Why I’m decreasing my position in JP Morgan

The Dividend Paying Large Caps portfolio was up 4.2% in October compared with the 5.5% gain for the benchmark S&P 500 Index (SXP).

The portfolio underperformed against the market in October, due to the following positions: Ecopetrol (EC) +2.96%, JP Morgan (JPM) -0.29%, Oracle (ORCL) +0.99%, Qualcomm (QCOM) +3.22%, US Bancorp (USB) +2.13% and Wells Fargo (WFC) +3.32%.

Out of these positions the only one that concerns me in the long term is JPMorgan Chase & Co. (JPM). The reason for this is all over the news lately – finally it seems that most banks are settling their civil disputes related to the mortgage-bond sales to investors before the financial crisis.

In October, JPMorgan Chase reached a record $13 billion U.S. settlement, the largest amount ever paid out by a financial firm in a settlement with the U.S.  To put this number in perspective, only seven companies on the Dow Jones Industrial Average earned more than $13 billion in 2012.

This possible settlement will eat more than half of JPMorgan’s record $21.3 billion profit last year. Although a big portion of this settlement amount will be tax deductible (as some of the losses will be claimed as a business expenses), the hit will be hard for JP Morgan.

I believe this issue will haunt JP Morgan’s stock price for a while and have decided to decrease my position. The only reason I am not closing this position entirely is because the stock continues to be reasonably valued 11.75 PE Ratio and the dividend continues to be healthy at 2.94%.

My portfolio is up 19.30% for the year, as compared to the S&P 500, which is up 25.30%. The best performing stock in my portfolio in October was Petrobras (PBR). Unfortunately that didn’t move the needle because that position was less than 1% of my entire portfolio.

The other position that helped my portfolio move up was Apple (AAPL). Although the stock has begun to perform better than the previous months, I will probably be reducing my position in November.

One of the reasons why I’m taking this reduction is that Apple will incur major overhead expenses with the construction of its so-called Campus 2 – better known as “the spaceship”. The project was presented to the members of Cupertino’s city council last week and groundbreaking may start as early as this year. Apple is also buying a vacant factory in Arizona to produce sapphire glass used in its smartphone cameras, which will be produced by GT Advanced Technologies Inc.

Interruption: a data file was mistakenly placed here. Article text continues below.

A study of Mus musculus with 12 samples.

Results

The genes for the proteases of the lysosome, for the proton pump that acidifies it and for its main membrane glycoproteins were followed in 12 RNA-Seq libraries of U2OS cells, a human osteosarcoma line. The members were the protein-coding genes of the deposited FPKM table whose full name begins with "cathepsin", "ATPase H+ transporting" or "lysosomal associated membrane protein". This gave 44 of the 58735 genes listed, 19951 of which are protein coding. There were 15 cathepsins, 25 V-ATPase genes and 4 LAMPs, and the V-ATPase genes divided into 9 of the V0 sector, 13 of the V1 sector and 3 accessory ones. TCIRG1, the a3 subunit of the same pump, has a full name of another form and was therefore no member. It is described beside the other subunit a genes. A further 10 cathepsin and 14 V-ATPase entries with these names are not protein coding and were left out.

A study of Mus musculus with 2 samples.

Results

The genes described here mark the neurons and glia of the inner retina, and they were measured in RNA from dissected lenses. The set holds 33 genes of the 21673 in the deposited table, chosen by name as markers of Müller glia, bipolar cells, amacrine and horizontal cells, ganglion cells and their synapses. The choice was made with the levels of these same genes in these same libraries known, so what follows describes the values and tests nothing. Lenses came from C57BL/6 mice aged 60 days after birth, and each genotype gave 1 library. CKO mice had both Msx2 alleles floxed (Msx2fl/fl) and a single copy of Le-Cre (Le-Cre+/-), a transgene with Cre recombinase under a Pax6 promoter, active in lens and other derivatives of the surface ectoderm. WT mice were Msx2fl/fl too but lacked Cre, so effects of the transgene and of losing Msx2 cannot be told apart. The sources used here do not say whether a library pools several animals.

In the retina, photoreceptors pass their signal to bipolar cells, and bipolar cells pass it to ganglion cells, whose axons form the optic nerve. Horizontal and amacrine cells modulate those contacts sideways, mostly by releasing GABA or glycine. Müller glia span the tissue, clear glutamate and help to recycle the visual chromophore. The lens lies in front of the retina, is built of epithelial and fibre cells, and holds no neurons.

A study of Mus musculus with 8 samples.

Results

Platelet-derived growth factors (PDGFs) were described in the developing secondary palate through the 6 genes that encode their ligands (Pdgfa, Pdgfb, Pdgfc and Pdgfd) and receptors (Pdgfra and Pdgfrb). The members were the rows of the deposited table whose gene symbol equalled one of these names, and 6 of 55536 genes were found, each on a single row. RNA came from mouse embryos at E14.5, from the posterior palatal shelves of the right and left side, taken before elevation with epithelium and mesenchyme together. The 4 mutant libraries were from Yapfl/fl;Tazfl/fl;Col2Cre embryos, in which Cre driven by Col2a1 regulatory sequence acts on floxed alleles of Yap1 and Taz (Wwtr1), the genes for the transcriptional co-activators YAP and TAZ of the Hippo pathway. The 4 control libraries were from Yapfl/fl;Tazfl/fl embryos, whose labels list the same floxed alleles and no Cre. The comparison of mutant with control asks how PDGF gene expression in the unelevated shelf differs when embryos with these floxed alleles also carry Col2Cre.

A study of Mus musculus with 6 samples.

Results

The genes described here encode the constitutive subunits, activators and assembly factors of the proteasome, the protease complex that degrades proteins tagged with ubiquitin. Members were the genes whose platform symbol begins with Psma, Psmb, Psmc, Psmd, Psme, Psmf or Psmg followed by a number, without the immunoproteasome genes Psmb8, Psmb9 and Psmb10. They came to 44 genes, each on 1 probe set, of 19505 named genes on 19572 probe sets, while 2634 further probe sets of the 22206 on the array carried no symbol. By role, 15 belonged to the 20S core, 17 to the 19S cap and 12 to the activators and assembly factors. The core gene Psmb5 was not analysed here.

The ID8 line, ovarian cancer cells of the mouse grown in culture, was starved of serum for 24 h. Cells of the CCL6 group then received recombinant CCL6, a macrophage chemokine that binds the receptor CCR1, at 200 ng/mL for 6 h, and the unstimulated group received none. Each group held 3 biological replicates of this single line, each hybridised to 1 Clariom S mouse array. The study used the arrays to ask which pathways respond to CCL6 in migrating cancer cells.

The other reason I’m reducing my position in Apple is because I perceive a lack of innovation at Apple. Today Samsung announced the introduction of folding displays in 2015. Competitors are quickly coming up with better and cooler features than some of the Apple products.

Today while I was in my office, one of my co-workers was talking pictures of himself using a Samsung smartphone. He was not holding or operating the phone with his hand, he was talking to the phone and the phone was taking the pictures in response to his voice command.

I wish my iPhone would be able to do that. In my opinion, radio apps such as Pandora (P), Spotify or Rdio are superior to the new glitchy and limited iRadio from Apple. This is the first time that I have seen Apple introducing unfinished and inferior products to the market, and this causes some concern.

I think Apple can correct the course and get back on track, but I’m proactively reducing my position in case things don’t turn out as well as they are expecting.

In October two positions were closed in my portfolio, Dell (DELL), because it went private, and PACCAR (PCAR), because it had an incredible run, and I wanted to cash in on some profits. PCAR is also no longer as cheap as it was when I bought it.

Going forward, I have decided to concentrate on fewer positions in my portfolio so that I can track them more closely.  In November, I will be increasing my positions in Aflac (AFL) and Wells Fargo (WFC), two great companies that are, in my opinion, reasonably priced and continue to pay good dividends.

The investments discussed are held in client accounts as of October 31, 2013. These investments may or may not be currently held in client accounts. The reader should not assume that any investments identified were or will be profitable or that any investment recommendations or investment decisions we make in the future will be profitable. Past performance is no guarantee of future results.